Really Stacked

So this being the last week of our “Please don’t send us any books” period for now, we naturally had a donation of roughly 100 boxes arrive Tuesday morning. This beats the 59 boxes we had from one donor on Thursday last week, and the 57 we had on Monday. The Monday donation has a special place in our hearts—or somewhere—because the volunteer picking them up managed to run over his toe with a cart of books. This is exciting because it is the same toe he broke three weeks ago while picking up books. But, thanks to this 100-box delivery, the poisonous complexion of his toe is no longer our main concern.

(Yes, banana nut quesadilla, that was a joke about toe-main poisoning. This is a funnier joke when spoken aloud, but not much funnier. Don’t worry about his toe. When I asked this week if it was better, he said “Can’t kick.” Let’s get back to business, shall we?)

These books had been in storage for some time, and showed signs of needing Uncle Blogsy’s advice from top to bottom. So, on the assumption that some of you are NOT bringing me books this week, but instead putting them into storage, I will pass along what this donor should have considered several years ago.

The boxes on the top are going to get dusty: it would be a good thing to have lids on them. Farther down in the stack, your books will be protected by the boxes above—at least in terms of dust. They put the lightest things on top, of course, so these open boxes were full of videocassettes, which now bear a layer of dust several years deep.

Those boxes on the bottom are going to have six feet of boxes stacked on top of them, if you do these things the way this donor did. So it would be a nice consideration for whoever undoes the pile to make sure these important foundation boxes HAVE SIDES. Boxes without sides will have a more difficult time sustaining all that weight than boxes WITH sides.

CDs, which come in plastic cases that break if a chickadee frowns at them, should not be packed in a box at the bottom of a stack if six feet of boxes are stacked on top of them.

Boxes at the bottom of the stack should be filled as full as you can do it. This creates a solid base. Creating a solid base, rutabaga roux, is a wonderful thing as it prevents a hundred pounds of boxes from toppling over when the boxes next to the pile are removed.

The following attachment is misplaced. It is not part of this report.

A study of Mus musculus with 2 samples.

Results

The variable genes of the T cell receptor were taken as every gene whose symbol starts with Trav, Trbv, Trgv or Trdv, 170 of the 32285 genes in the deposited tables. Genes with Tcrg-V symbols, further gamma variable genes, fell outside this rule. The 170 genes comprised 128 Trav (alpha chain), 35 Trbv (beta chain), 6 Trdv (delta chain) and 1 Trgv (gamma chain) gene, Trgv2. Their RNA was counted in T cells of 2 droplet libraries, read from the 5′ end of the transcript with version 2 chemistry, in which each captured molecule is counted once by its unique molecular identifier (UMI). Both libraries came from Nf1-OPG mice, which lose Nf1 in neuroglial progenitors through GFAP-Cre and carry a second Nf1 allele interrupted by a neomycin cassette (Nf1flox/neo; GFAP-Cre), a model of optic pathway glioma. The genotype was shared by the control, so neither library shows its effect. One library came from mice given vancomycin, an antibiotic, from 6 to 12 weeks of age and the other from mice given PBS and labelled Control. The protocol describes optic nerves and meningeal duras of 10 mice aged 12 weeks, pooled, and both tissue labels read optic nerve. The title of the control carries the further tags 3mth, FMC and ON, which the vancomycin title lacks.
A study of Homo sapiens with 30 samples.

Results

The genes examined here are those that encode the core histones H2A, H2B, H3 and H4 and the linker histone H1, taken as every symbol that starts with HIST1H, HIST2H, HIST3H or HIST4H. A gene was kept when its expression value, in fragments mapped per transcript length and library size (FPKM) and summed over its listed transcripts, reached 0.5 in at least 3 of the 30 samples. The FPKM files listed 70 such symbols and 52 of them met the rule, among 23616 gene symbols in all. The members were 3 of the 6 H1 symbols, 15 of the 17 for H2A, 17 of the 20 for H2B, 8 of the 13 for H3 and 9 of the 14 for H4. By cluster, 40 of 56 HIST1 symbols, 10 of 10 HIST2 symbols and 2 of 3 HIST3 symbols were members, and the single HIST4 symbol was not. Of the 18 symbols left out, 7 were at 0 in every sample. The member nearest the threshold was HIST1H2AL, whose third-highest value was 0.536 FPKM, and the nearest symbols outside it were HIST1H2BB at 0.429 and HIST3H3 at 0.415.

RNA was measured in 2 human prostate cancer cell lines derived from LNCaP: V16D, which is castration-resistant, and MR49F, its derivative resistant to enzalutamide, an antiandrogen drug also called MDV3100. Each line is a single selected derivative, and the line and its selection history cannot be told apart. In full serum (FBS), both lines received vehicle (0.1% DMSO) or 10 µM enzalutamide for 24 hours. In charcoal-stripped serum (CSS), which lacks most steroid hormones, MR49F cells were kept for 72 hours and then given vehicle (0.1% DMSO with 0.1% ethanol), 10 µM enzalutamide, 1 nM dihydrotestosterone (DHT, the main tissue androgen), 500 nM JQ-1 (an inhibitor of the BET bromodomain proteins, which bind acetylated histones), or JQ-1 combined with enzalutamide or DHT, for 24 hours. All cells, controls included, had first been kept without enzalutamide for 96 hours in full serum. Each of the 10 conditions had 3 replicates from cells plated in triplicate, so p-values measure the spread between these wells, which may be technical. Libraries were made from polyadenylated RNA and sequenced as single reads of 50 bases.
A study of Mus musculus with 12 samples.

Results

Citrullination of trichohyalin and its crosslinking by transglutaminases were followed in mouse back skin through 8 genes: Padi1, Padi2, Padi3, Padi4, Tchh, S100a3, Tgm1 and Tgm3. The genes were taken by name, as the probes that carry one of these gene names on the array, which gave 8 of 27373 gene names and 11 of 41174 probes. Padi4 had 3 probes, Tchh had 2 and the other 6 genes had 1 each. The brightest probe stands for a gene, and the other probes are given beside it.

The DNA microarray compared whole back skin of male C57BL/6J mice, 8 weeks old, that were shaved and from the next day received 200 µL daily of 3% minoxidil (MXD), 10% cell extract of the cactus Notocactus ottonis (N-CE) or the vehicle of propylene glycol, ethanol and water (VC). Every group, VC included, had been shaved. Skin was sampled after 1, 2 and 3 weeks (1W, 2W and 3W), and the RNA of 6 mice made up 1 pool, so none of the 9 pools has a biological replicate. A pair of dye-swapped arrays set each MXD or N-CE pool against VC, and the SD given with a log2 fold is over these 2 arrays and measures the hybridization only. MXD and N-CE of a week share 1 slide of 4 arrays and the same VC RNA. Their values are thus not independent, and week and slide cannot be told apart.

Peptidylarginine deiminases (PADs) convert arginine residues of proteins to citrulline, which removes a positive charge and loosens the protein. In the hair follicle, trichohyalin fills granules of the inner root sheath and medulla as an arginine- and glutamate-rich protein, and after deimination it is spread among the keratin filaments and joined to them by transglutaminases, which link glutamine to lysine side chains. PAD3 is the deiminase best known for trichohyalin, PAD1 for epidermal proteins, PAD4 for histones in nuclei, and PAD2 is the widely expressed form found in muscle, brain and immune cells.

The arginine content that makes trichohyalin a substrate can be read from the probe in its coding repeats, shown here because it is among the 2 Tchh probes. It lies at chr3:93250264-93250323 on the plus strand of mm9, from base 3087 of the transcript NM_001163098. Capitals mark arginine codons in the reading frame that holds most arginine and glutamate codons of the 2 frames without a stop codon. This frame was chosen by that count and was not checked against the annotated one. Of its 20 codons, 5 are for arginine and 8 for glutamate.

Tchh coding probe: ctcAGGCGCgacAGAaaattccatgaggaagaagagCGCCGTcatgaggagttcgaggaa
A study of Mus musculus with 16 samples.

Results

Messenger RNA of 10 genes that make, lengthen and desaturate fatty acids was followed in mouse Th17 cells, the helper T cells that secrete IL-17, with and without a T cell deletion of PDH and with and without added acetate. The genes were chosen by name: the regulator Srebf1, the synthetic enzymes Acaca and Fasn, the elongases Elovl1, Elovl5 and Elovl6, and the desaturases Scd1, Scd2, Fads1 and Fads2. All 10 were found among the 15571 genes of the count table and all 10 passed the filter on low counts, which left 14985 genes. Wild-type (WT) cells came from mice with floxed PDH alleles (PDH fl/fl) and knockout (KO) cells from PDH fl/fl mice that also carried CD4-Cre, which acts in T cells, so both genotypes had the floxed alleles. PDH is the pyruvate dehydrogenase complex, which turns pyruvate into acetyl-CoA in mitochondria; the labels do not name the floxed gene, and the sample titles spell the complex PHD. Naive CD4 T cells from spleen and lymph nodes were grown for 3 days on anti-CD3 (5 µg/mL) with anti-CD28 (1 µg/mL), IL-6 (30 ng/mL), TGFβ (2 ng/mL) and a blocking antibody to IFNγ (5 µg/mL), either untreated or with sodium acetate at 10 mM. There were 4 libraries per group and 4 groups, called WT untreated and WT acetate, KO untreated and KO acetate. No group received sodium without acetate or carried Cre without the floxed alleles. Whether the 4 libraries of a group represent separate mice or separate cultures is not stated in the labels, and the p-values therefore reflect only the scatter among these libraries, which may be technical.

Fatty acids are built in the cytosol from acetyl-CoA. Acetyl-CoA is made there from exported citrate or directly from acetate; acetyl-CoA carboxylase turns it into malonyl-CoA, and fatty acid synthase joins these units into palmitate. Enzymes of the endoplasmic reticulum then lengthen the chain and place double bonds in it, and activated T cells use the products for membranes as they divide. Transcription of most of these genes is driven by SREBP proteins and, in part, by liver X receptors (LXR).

In fact, almost all your boxes of books should be filled as full as you can fill them. Leaving empty space in a box gives the books a chance to shift while you are preparing to stack another box on top of them. This book, having shifted, regrets having done so when the weight of boxes above presses it into place and, if it has fallen between two stacks of books at an angle, bends the book into an L shape. But it is too late, alas, for regrets, and the book is trapped in that posture until some kindly person takes the mountain apart.

The weight of the boxes is best allowed to rest on books which are lying flat: not spine up, not spine down, and not standing upright. Especially if the box has not been filled completely, this presents books which have been pressed into the shape of the letter S, and sometimes into a lower-case r. You may, if you wish, try to make an entire alphabet out of bent books, but in this case you should donate them to the Museum of Contemporary Art.

Finally, if you have a hundred or so boxes stacked up for a long time in a dusty place, boxes which are crumpling under the weight of the boxes above and crushed by having gravity pull them against the badly packed box below, it is best not to decide the Newberry really needs to have these on a day when the heat index is over 95, in a week when the Book Fair has said it would rather not get books. THIS will prevent large people coming to your house and…oh, I’m sorry. They can’t actually show up until after Labor Day, and telling you about it now would spoil the story on the morning news.